Reporting from Kabul, Afghanistan -- Afghan officials said Monday that at least 27 civilians were killed in a NATO airstrike in a southern province that borders Helmand, where thousands of coalition troops are taking part in an offensive in and around the town of Marja.
Western military officials said the incident in Uruzgan province, which occurred Sunday, was under investigation. It said U.S. Army Gen. Stanley A. McChrystal, the commander of all Western forces in Afghanistan, had already conveyed "sorrow and regret" to President Hamid Karzai, a highly vocal critic of civilian casualties.
Military officials said the airstrike was not connected to the assault on Marja, which is the largest coalition offensive since the start of the war in 2001. But it is certain to inflame sensitivities over the issue of civilian deaths and injuries in fighting between Western forces and the Taliban.
The incident apparently revolved around a trio of civilian minibuses being mistaken for an insurgent convoy as they traveled along a major highway. A statement from NATO's International Security Assistance Force confirmed that "airborne weapons" were used against the vehicles, which at the time were believed to be carrying militants on their way to stage an attack.
But arriving ground forces found women and children at the scene, the military said. It did not say whether any suspected fighters were present as well.
NATO did not give an estimate of the number of dead, but Afghanistan's Cabinet said at least 27 had died in the strike.
A spokesman for the Interior Ministry, Zemari Bashary, said more than a dozen other people were hurt, and NATO said the military had provided emergency treatment and transported them to medical facilities.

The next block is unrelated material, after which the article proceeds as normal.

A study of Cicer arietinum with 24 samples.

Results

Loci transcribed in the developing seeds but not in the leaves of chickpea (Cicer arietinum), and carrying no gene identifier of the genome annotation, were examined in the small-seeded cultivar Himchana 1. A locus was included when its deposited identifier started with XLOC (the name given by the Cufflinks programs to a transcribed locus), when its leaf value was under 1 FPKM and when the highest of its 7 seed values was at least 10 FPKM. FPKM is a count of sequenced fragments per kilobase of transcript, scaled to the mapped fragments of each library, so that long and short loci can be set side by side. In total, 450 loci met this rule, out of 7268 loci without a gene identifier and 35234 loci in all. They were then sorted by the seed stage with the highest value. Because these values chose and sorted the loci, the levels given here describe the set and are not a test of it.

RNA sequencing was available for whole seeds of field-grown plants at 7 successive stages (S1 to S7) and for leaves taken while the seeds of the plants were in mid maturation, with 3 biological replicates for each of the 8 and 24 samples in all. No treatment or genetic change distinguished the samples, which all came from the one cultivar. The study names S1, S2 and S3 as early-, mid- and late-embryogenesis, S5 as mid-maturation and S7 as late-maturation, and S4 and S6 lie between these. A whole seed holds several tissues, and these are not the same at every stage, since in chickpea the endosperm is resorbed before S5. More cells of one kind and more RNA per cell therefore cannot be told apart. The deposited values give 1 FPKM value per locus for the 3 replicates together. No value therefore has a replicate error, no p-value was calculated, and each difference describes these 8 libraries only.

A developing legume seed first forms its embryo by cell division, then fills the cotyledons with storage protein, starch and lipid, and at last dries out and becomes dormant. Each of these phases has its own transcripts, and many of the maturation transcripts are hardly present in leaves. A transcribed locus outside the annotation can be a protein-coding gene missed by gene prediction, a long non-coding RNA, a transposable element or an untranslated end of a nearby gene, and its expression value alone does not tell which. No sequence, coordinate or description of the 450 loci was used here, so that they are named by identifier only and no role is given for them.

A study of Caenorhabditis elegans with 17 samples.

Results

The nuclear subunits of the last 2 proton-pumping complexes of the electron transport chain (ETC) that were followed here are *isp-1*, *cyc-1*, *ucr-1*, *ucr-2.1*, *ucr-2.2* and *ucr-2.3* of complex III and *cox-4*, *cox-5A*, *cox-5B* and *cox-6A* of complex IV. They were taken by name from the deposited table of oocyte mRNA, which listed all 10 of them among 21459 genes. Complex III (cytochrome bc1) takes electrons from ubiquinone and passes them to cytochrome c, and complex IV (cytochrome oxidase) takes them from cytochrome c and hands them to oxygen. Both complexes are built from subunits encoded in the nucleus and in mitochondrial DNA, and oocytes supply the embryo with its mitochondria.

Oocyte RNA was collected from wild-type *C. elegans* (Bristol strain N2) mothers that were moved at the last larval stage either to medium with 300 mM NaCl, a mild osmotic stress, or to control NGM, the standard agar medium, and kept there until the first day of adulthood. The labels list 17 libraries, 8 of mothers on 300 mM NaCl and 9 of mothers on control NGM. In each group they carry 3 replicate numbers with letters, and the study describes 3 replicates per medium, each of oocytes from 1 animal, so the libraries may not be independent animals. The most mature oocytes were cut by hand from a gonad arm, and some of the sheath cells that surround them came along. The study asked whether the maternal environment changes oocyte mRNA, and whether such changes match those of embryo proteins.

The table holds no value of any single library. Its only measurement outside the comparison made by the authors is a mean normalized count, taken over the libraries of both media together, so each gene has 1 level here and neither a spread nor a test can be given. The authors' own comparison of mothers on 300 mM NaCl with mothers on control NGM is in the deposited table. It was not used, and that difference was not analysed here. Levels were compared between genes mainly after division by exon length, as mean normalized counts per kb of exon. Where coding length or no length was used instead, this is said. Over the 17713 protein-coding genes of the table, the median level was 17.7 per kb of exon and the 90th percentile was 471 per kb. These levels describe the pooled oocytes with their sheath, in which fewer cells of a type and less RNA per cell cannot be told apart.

The Cabinet condemned the strike, calling it "unjustifiable."
The incident threatened to overshadow what coalition forces had billed as an important milestone in Marja -- the first visit by the newly appointed civilian governor of the subdistrict. His arrival represented the first Afghan government presence in at least two years in Marja, which had become the largest Taliban sanctuary in Helmand province.
Insurgents had operated freely in the town and its environs until thousands of coalition troops, spearheaded by U.S. Marines, launched their effort Feb. 13 to retake the town.
In advance of the Marja campaign, Western commanders promised to take all possible measures to safeguard civilian lives. Marines had been fighting under stringent new rules of engagement laid down last summer by McChrystal. Troops are not supposed to fire on insurgents unless they are wielding a weapon, or unless they are seen throwing one aside.
Even so, NATO says at least 16 civilians have been accidentally killed by Western troops in the course of the offensive.
After days of intense clashes, the town was quieter on Monday, according to Marine spokesman Capt. Abraham Sipe.
"I don't know if it's a trend, but it's good to see our Marines get a break after so much firefighting," he said.
Staff writer Tony Perry contributed to this report from Nawa, in Helmand province.